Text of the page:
In humble attempt at casting this in the tradition of Socrates, a (slightly altered) quote:

"The unexamined vote is not worth casting."

Friday, October 10, 2008

My Mom on Measuring What Matters

What matters most in this election? Professor Sarah O'Connor of James Madison University (JMU)--who I can proudly claim as my keen-minded mother--wrote (and read) the following radio piece for her local NPR station, calling voters to consider what matters most in the election: the candidates' stances on issues or their personal life stories. I can say (neutrally, I believe) that my mom is, for starters, an inventive teacher, dedicated to engaging her college students in both their local and global community--be it through assignments to write their members of Congress on an issue they care about, to write down why they believe what they believe about the world (following the model of the NPR series This I Believe), or to volunteer a certain number of hours in a community organization; those things, and the related community service learning initiatives she's been involved with (which I mention in relation to the candidates' national service plans here), would have changed my college experience in big ways, so I find them worth mentioning. But below is her piece, called "Lipstick Wars," which can also be listened to here, via the radio station she recorded it for:

"This presidential campaign is quickly becoming a campaign of competing narratives. Who has the best personal story? Which story tugs at our heartstrings the most? Who had the most destitute childhood or the worst tragedy in his/her life? McCain advisors urged him to pull out the stops in his acceptance speech at the Republican National Convention and describe his years as a prisoner of war. (Comedian Jon Stewart later commented that if being a prisoner of war equates with being a leader, maybe we should start thinking of Guantanamo as a leadership training camp.) We’ve heard the speeches and seen the videos with their black and white photos: Obama’s white mother and African father, his grandparents who raised him in Hawaii, and his years as a community organizer before law school; Biden’s wife and daughter who were killed in a car accident just as he was sworn into Congress, his near-death from an aneurysm; McCain’s father and grandfather, both admirals, his military service and captivity; Palin’s snowmobile racer husband, Down syndrome baby, and pregnant teenage daughter.

It is understandable that we are drawn into these stories. Everyone loves a story, and stories are certainly more interesting than listening to a list of issues and proposed solutions. That said, our country is in bad shape. Nearly eight in ten Americans believe it is headed in the wrong direction and Bush’s approval rating is at its lowest level ever. Some of our oldest financial institutions are tanking, people continue to lose their homes, unemployment is rising, the environment is eroding, and we cannot seem to decide as a country whether it is OK to torture our prisoners or not.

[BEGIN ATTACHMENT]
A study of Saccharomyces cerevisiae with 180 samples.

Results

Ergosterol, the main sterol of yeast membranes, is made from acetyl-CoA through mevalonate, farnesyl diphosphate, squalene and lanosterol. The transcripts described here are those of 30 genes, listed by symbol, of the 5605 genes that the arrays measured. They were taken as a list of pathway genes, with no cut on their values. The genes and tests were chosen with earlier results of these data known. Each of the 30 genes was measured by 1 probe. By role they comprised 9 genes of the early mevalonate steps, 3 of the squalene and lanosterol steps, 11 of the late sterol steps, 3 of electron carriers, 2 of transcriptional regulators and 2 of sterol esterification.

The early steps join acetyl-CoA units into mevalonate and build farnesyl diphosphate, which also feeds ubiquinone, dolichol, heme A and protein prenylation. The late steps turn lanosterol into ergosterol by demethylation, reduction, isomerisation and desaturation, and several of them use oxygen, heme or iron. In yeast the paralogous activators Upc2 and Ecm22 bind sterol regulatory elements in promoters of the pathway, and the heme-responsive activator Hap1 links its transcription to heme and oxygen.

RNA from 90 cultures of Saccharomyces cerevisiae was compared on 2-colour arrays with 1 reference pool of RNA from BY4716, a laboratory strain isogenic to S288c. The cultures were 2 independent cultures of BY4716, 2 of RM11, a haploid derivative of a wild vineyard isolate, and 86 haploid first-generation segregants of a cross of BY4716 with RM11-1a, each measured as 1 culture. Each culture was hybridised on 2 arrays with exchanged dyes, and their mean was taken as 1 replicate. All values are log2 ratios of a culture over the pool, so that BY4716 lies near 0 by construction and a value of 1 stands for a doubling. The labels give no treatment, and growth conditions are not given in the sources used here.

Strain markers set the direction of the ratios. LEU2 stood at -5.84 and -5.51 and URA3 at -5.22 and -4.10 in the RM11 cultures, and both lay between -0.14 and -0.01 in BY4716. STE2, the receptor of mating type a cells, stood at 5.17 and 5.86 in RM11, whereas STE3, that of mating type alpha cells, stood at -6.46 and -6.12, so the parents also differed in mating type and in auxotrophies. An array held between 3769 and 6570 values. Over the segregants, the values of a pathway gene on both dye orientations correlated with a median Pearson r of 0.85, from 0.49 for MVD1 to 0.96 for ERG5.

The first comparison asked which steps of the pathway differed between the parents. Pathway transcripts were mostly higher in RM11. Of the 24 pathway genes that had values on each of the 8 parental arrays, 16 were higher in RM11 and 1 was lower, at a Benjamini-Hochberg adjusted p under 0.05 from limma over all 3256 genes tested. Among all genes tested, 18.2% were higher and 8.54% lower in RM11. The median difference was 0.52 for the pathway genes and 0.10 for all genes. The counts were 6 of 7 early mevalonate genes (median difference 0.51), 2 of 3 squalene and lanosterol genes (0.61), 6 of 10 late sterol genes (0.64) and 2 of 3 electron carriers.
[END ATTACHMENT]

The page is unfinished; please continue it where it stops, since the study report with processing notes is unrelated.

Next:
I hope I am not coming across as pessimistic, because I also believe that if we have the will as a country, we can solve these problems. What I am saying is that the issues are what this campaign is really all about, and we had better be paying attention to them. Let's forget about whether we like hockey moms or not, how many kids a candidate has and the circumstances of their births, what designer a spouse uses, whether someone is black or white, male or female, and look at where that person stands on basic human rights, on an adequate response to global warming, on what we need to do as a country to fix our economy, on health care for all citizens, on making the world a safe place. The list goes on and on. These are topics that affect every single one of us, and our future as Americans and as global citizens. We do not have to let ourselves be manipulated by emotional appeals or distracted by half-truths and downright lies. We have the ability to make rational decisions, so let’s find out where the candidates stand and vote with our heads as well as our hearts."


Josh said...

that's cool from your mom man! i saw that episode of the daily show she was talking about and laughed my head off!

i hope you are well man. sorry we haven't gotten to talk in a while. been a little crazy on our end. let's try to catch up soon!

Brendan O'Connor said...


What's up man? thanks for the comment, and yeah, will love to catch up soon, just let me know if you're up this way at any point and i'll do the same if i'm by your way--if nothin happens w/that pre-election, we'll def. have to plan somethin after, as life'll slow down my way a bit more at that point. catch you later man, and hope all's well your way too, adios!